Long-Term Safety and Maintenance of Efficacy of Solriamfetol (JZP-110) in the Treatment of Excessive Sleepiness in Participants With Narcolepsy or Obstructive Sleep Apnea


Colin Shapiro, PhD, FRCPC – University of Toronto, Ontario, Canada; Richard Schwab, MD – University of Pennsylvania, Philadelphia, PA; Jean-Louis Pepin, MD – Grenoble Alpes University Hospital, Grenoble, France; Jan Hedner, MD – Sahlgrenska University Hospital, Gothenburg University, Gothenburg, Sweden; Mansoor Ahmed, MD – Cleveland Sleep Research Center, Cleveland, OH; Nancy Foldvary-Schaefer, DO, MS – Cleveland Clinic Lerner College of Medicine, Cleveland, OH; Patrick Strollo, MD – University of Pittsburgh/Veterans Administration Pittsburgh Health System, Pittsburgh, PA; Geert Mayer, MD – Hephata Klinik, Schwalmstadt, Germany and Philipps University, Marburg, Germany; Kathleen Sarmiento, MD, MPH – San Francisco Veterans Administration Healthcare System, San Francisco, CA; Michelle Baladi, PhD – Jazz Pharmaceuticals, Palo Alto, CA; Patricia Chandler, MD – Jazz Pharmaceuticals, Palo Alto, CA; Lawrence Lee, PhD – Jazz Pharmaceuticals, Palo Alto, CA; Atul Malhotra, MD – Division of Pulmonary, Critical Care and Sleep Medicine, University of California San Diego, La Jolla, CA

Jazz Pharmaceuticals

INTRODUCTION: Excessive sleepiness (ES) is a prominent symptom of narcolepsy and obstructive sleep apnea (OSA). Solriamfetol, a selective dopamine/norepinephrine reuptake inhibitor, was effective in treating ES in narcolepsy and OSA in phase 3 studies. This study evaluated the long-term safety and efficacy of solriamfetol.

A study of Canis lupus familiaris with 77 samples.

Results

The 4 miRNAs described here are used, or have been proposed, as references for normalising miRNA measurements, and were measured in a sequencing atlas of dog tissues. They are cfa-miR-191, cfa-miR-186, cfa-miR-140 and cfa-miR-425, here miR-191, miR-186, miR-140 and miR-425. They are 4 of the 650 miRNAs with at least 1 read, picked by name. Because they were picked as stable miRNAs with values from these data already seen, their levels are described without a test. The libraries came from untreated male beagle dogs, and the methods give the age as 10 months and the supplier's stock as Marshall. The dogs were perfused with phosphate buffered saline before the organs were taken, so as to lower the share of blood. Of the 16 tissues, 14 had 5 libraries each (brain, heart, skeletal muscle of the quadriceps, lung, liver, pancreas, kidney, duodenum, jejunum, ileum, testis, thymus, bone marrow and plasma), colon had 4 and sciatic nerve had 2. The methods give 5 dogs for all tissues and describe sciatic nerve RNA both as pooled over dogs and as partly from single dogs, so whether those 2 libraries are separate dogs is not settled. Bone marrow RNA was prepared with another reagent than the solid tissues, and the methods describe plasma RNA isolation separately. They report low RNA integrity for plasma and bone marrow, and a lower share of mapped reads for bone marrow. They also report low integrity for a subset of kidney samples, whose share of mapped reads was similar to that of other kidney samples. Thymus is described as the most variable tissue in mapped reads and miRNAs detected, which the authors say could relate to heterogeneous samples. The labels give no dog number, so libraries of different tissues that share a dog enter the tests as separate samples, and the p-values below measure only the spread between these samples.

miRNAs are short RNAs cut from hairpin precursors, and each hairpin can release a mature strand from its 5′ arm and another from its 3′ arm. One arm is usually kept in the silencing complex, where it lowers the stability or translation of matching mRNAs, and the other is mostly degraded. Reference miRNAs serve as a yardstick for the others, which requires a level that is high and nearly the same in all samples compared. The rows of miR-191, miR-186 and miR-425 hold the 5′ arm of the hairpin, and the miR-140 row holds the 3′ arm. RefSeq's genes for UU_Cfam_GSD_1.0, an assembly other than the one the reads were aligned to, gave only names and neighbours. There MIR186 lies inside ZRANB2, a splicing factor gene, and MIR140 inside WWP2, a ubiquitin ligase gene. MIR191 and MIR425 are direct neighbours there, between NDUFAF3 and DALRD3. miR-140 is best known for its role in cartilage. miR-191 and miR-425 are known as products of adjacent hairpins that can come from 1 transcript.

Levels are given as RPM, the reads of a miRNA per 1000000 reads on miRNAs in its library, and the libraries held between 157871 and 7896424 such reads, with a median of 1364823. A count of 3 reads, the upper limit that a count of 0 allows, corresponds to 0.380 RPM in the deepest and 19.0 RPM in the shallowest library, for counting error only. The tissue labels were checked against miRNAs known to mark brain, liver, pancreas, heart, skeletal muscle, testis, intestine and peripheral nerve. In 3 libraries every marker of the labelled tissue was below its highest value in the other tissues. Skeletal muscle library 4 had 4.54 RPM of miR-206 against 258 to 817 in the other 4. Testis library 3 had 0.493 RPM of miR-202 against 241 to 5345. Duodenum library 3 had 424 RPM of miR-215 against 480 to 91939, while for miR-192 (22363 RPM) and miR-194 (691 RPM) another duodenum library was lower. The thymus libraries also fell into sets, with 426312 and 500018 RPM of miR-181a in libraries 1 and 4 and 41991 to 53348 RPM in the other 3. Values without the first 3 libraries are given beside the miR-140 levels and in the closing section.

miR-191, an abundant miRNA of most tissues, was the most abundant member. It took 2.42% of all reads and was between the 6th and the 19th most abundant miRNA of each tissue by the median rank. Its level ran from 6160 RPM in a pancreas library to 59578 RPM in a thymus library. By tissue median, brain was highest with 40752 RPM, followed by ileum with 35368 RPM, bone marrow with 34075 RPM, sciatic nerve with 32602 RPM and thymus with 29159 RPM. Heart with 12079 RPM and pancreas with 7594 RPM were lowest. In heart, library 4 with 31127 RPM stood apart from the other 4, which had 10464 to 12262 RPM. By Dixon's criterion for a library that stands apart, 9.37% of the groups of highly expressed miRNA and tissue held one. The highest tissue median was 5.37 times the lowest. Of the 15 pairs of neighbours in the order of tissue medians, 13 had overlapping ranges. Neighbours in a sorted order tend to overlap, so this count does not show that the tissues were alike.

METHODS: Participants who completed prior solriamfetol studies initiated with a 2-week Titration phase followed by a Maintenance phase of ≤50 weeks. A 2-week placebo-controlled Randomized Withdrawal (RW) phase was conducted after 6 months. Change from beginning to end of RW in Epworth Sleepiness Scale (ESS) was the primary endpoint; Patient and Clinician Global Impression of Change (PGI-C and CGI-C, respectively) were secondary endpoints.

RESULTS: The safety population comprised 643 participants (226 narcolepsy; 417 OSA); 280 participants (141 placebo; 139 solriamfetol) completed the RW phase. At 6 months, ESS scores increased by 5.3 (least squares [LS] mean) versus 1.6 in the RW phase in participants randomized to placebo or solriamfetol, respectively (P<0.0001). For both secondary endpoints, greater percentages of participants randomized to placebo were reported as worse at the end of the RW phase versus solriamfetol (both P<0.0001). Maintenance of efficacy up to 1 year was also demonstrated across these endpoints. The most frequent adverse events (AEs; ≥5%) were headache, nausea, nasopharyngitis, insomnia, dry mouth, anxiety, decreased appetite, and upper respiratory tract infection; 27 (4.2%) participants had a serious AE.

CONCLUSION: These results demonstrate long-term efficacy of solriamfetol in participants with narcolepsy or OSA. The safety profile following chronic administration was consistent with prior studies of solriamfetol.